This is one of those shorts that’s as fascinating as a window into the past as it is amusing. In this case, a look at air travel in the 1940s. I do not recommend watching this short just before taking a trip, as thinking of the roomy seating, tasty-looking four-course meals, and sleeper berths of the past may make you feel as though you’ve been badly cheated as you wedge yourself onto cramped seats in the packed, germ-ridden, thermostat-challenged tube that will be your world for the next six or seven hours.
The short is the documentary of a young stewardess from the classroom to her first solo flight, covering quite a lot of ground (literally and figuratively) in about eleven minutes. Did you know that stewardesses of the era took classes on radio theory? I didn’t. Not to mention that planes of the era flew low enough that you could actually make out key sights on the ground, such as the skylines of major cities and even Niagara Falls (“Oh, my God, you’re taking us to Canada?! Let me off!”). We get a quick cross-country tour of the old America, which is pretty cool, to be honest, including my home-town of Detroit (gets a hilariously underwhelmed “Yay” from Bill).
Though the short itself is pretty interesting, it nevertheless provides lots and lots of good riffing material, from roasting each location in turn (upon arriving in Los Angeles: “The morning vomit has been hosed off the streets and it’s shining like a jewel!”) to the sometimes overblown narration (“No use articles here Chicago”) to just riffing on the passengers and the scenario in general (“I’m Bob Executive; which way is business?”). As usual, there are a few ‘sexist forties’ jokes, but not very many or very notable ones, and the riffing imagines the stewardesses abusing far more than being abused (“try not to snore like a breeder hog, will yah?”).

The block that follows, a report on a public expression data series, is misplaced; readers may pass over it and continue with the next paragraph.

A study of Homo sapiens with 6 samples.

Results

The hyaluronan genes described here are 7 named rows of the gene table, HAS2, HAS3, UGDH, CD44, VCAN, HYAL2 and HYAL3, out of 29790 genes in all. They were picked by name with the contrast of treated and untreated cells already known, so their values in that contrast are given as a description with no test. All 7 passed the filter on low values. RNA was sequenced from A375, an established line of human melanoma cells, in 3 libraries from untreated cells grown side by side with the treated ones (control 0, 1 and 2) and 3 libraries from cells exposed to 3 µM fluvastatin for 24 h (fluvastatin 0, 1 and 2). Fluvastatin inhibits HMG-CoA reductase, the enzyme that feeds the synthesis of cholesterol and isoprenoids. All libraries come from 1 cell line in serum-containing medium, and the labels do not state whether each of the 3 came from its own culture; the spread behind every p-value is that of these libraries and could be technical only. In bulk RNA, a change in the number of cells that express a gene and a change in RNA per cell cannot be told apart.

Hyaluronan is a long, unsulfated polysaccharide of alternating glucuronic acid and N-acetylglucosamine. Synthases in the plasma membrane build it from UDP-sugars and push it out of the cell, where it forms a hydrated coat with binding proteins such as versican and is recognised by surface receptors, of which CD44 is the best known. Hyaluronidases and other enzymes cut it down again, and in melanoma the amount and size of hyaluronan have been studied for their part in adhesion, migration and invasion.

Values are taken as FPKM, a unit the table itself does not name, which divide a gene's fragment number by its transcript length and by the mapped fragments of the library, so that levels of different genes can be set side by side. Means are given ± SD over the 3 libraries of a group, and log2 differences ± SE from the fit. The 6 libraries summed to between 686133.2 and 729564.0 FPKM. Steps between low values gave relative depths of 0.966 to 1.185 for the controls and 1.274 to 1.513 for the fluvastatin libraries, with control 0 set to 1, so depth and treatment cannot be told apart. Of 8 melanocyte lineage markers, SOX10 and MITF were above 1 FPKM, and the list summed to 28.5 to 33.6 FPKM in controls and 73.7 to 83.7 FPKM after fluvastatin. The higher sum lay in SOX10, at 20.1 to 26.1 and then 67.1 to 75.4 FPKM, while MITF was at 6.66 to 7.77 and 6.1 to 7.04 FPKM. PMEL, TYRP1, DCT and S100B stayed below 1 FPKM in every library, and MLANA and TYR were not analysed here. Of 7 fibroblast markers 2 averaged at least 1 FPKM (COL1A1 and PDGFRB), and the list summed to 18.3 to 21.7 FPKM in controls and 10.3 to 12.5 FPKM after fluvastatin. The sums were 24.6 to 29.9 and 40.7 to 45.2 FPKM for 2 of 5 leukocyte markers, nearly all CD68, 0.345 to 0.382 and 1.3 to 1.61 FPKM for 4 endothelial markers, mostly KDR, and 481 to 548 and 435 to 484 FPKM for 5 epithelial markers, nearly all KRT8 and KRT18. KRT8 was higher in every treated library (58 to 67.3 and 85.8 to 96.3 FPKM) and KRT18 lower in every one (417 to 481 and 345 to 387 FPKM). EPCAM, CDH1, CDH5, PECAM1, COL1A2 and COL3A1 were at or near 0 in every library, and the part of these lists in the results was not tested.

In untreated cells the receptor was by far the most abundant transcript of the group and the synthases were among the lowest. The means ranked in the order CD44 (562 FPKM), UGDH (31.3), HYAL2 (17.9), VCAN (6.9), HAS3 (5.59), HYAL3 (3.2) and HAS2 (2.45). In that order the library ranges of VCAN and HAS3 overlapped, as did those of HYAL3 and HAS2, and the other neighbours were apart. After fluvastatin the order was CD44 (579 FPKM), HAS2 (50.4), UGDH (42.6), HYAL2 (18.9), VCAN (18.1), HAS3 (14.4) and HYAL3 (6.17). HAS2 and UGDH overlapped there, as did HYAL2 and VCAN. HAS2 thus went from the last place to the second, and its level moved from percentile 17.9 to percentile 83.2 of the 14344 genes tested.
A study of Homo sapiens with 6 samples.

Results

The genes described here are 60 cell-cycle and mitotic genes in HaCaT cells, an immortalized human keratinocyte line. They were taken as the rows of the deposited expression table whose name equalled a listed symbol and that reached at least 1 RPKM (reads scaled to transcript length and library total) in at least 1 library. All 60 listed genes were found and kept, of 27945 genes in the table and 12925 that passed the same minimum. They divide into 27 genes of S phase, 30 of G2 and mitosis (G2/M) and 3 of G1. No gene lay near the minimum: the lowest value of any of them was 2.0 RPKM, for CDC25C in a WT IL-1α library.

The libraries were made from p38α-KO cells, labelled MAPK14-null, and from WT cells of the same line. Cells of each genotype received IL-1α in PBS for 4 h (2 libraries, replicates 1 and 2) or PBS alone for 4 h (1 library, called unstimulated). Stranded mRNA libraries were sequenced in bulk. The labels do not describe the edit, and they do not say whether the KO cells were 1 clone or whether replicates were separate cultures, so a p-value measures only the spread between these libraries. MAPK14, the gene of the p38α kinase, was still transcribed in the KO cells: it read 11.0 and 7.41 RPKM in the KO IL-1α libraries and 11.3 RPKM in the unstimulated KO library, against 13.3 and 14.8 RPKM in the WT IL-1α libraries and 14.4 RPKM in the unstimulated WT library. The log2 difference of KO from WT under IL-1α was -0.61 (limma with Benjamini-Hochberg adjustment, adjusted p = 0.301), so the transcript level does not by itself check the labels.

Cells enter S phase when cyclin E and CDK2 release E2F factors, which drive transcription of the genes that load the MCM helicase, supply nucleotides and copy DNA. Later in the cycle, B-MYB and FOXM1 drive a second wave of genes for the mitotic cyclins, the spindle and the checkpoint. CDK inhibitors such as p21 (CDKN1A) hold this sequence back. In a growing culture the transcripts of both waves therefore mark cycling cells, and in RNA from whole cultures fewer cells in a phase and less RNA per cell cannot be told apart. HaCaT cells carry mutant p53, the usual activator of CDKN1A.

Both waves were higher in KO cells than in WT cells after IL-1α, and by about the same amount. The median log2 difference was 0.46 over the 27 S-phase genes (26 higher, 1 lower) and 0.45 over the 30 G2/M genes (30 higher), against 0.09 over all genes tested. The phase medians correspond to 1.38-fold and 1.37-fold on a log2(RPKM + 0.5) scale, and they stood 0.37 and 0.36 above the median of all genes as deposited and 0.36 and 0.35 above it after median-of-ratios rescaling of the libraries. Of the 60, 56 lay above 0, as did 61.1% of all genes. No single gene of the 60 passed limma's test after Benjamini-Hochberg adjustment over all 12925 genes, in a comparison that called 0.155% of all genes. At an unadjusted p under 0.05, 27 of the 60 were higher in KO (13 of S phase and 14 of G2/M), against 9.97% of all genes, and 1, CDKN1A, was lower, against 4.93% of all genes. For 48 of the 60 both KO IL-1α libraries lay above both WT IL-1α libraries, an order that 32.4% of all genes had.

Air travel in general just lends itself to humor, especially from our perspective given how I don’t think anyone really likes the experience these days (“It’s like eating at ‘Denny’s’, but with a much smaller risk of death”). This short shows us that it, perhaps, wasn’t always like that. I was particularly fascinated by the look at the ‘sleeper’ flight, where face-to-face booths were made up into actual sleeping bunks like on a train car. It’s almost as though the passengers expected a comfortable and convenient flight and the airlines meant to oblige.
Of course, the problem with that is there’s clearly a much lower capacity on each flight, and no doubt they were proportionately much more expensive. It is, I suppose, a trade-off, though I can’t help wondering whether we’ve traded too far in the opposite direction. That’s a whole other issue, of course, but still, looking through this little keyhole into the not-too-distant past, it’s clear to me that we’ve lost something along the way.
Meanwhile, other highlights of the short include a look at the stewardesses on break time, where they keep fit by sailing (amusingly, they really look like they’re about to tip over at one point and there’s an abrupt jump-cut, making me think they had to pause filming for a moment to make sure no one went overboard). The narrator helpfully clarifies that, though most stewardesses marry within a few years, they do not typically marry pilots. Mike gets a great moment with a fussy baby, while Kevin delights in finding synonyms for the solo flight and sniggers when the narrator apparently joins in.
All in all, a very fun short providing a legitimately interesting look into a vanished world amid some solid riffing. Recommended, especially for those who like a little view into the past.